Which QRF amplifier model do I need? Page
With so many choices from QRF, this question is asked quite often.   The answer is hinted at in the "Sweet Spot Article", but is not evident to all who read that article.  I will try to expand on the choices in these pages.
Since all amplifiers introduce distortions, choosing the right amplifier for the job at hand is important to minimize the build-up of those distortions.  The first rule to remember is NEVER buy MORE gain than is necessary!   And the second rule is to choose the correct output hybrid technology for the output level desired in YOUR application.
First rule:  When you buy too much gain, the input hybrid is usually where the extra gain exists.  The input hybrid is usually a push-pull device and therefore is limited in CTB performance.  If you   wanted to buy a 45 dB gain amplifier, the input chip would probably be a 27 dB push-pull hybrid.  Even if the output hybrid were a 20dB GaAs power-doubled hybrid, the distortions of the input chip could be the limiting factor of the total amplifier performance.  When you consider the rules from the sweet spot article, overcoming the input hybrid noise figure by 3 to 6 dB would mean input levels of +10 to +13 dBmV for the 27 dB gain push-pull hybrid.  This would yield an output level from the INPUT hybrid of +37 to +40 dBmV!   Looking at the chart below, you can see the input device is already outside the desired CTB performance range for push-pull devices.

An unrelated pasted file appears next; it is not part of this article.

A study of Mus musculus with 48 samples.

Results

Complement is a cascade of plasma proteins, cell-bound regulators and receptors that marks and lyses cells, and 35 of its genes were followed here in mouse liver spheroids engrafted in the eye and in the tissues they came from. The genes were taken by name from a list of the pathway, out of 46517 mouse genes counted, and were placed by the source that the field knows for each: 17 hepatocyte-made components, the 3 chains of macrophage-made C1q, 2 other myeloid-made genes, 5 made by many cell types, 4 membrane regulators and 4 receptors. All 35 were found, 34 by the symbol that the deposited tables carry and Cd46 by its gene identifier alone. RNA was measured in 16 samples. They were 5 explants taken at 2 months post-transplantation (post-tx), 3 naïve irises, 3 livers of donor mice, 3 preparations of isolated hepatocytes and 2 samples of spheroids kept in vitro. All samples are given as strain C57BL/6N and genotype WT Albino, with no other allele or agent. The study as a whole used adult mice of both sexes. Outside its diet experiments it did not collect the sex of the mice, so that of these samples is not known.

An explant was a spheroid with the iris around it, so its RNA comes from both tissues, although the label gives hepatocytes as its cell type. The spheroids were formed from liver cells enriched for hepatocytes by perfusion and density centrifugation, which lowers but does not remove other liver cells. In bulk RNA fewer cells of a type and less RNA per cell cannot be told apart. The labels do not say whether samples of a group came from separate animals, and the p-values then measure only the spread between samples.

Second rule:  Match required output levels to the correct amplifier hybrid technology.  A "rule of thumb" was published in our full page ad in the April and June 1998 issues of Communications Technology.  Here it is in simple terms:
RF Output Level Hybrid Technology
25 to 32 dBmV Silicon Push-Pull (PP)
32 to 36 dBmV Silicon Power-Doubled (PD)/GaAs PP
36 to 40 dBmV Quadra-Powered/GaAs PD
40 to 45 dBmV Feedforward/GaAs PD or QUAD GaAs PD
This chart is a suggested general rule of thumb for broadband signal amplification solutions.  There are exceptions to the rule based on the number of RF carriers to be amplified which will be addressed later in this text.  The chart and paragraph above are lifted from the "Sweet Spot" article with a modification to the second and third category to include GaAs PD hybrids in the 32 to 40 dBmV range.  The reason these are added here is that the popular 20 dB gallium arsenide (GaAs) PD hybrids that we use in our newer products have lower noise figures in the 4 to 5 dB range.  With such low noise figures, these new chips have opened up the dynamic range of amplifiers we have sold for years to new performance levels!
There is a limit to the low-end range CTB performance of GaAs PD hybrids.  Since the chip designers have traded some CSO performance for improved CTB performance, there is no "free lunch" in these new Gallium Arsenide chips.  That is why our line of QRBA forward isolation amplifiers are still popular with push-pull silicon hybrids where the output levels meet the chart limits shown above.  So what is the answer to which amplifier I should buy from QRF?  Click HERE for the next page to find out!